When I (briefly) wrote freelance human-interest stories for a small newspaper, my focus was on “found” stories: not major events, not orchestrated photo opportunities, but the everyday lives or histories of people in the community. If a story crossed my path, I followed it: welcoming home a deployed spouse; surprising parents with a new house; caring for an indomitable adult son stricken with multiple sclerosis; hosting bluegrass and gospel jams each weekend at an old schoolhouse; reuniting with classmates fifty years after they scattered to serve in World War II.
Photography is much the same: whatever strikes my fancy will be captured by the camera. The photo here is from 2011, taken at sunset on my way home along a backroad. Wildflowers (weeds) in a ditch caught my eye, so I stopped and spent a several minutes shooting them. Most were discarded, but I liked the bit of whimsy here.
I also like pieces of history, such as this cabin, photographed several weeks before the clover.
Nearby is an old schoolhouse, a courthouse and jail constructed of stone, an old Army tank, a weathered barn, and a memorial to coalminers.
Something about the cabin, though, invites photographs.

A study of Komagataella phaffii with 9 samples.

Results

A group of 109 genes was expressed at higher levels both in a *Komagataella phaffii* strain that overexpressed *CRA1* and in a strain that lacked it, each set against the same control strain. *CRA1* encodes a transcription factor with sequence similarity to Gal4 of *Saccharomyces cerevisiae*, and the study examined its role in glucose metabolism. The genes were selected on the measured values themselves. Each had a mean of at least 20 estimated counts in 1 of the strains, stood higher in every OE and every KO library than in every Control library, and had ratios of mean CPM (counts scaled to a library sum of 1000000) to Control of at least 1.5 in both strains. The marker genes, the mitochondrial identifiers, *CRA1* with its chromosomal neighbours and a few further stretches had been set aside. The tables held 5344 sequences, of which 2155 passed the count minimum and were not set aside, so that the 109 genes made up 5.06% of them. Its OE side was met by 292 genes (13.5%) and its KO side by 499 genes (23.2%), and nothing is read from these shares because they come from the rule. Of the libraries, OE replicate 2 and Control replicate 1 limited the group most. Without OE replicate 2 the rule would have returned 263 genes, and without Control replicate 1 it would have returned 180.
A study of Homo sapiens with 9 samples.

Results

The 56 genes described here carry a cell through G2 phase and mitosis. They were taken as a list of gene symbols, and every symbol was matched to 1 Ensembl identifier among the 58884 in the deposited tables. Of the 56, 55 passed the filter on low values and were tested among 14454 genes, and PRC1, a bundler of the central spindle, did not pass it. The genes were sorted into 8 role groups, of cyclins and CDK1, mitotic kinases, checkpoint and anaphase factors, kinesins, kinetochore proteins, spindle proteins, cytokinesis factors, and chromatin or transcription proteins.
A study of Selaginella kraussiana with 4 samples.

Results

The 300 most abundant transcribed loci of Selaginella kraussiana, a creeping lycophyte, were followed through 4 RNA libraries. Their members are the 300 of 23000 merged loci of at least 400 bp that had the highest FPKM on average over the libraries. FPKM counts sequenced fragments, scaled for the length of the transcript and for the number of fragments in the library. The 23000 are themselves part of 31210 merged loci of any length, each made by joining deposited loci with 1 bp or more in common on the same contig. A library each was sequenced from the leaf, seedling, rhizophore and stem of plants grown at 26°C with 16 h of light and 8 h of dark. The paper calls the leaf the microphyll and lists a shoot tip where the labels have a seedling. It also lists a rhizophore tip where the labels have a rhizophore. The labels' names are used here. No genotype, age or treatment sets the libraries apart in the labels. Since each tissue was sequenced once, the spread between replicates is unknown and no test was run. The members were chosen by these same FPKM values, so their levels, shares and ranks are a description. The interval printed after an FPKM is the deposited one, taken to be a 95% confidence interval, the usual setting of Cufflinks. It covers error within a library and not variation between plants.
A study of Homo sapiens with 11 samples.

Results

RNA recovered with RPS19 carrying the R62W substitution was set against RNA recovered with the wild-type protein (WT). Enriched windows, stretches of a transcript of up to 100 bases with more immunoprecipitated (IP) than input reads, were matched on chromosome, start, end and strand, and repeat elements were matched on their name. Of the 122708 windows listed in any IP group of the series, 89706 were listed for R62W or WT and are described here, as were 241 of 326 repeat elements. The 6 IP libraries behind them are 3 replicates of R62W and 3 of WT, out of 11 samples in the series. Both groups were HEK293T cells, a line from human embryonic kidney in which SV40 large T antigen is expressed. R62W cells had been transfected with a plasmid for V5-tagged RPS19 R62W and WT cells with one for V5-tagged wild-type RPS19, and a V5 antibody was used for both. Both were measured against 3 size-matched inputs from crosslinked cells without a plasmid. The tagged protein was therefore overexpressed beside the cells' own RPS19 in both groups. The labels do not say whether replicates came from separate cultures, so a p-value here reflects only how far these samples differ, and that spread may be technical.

A couple months later, a friend and I went on a writing-and-photography retreat for a weekend, and took a few shots of a town that clings to the mountains, full of history but now crowded with tourists, and overshadowed by social politics. Still, it remains a place full of photography opportunities.
We’ve been there many times on our own, I for writing conferences and history, she for exploring haunted places, but this time we decided to attempt a writing project together. After all, one of my favorite mystery series is written by a mother-son team; surely a couple of old friends who write all the time could collaborate on a novel, right?
Weeeellll, we attempted it, wrote a few pages and outline notes, and that’s as far as it went. Still, we had a blast, and those few days are a story in themselves, captured in memory and photographs that have, in turn, spurred imagination and the creation of fictional worlds.
Not so strange. A good photograph is like a story. It is a story.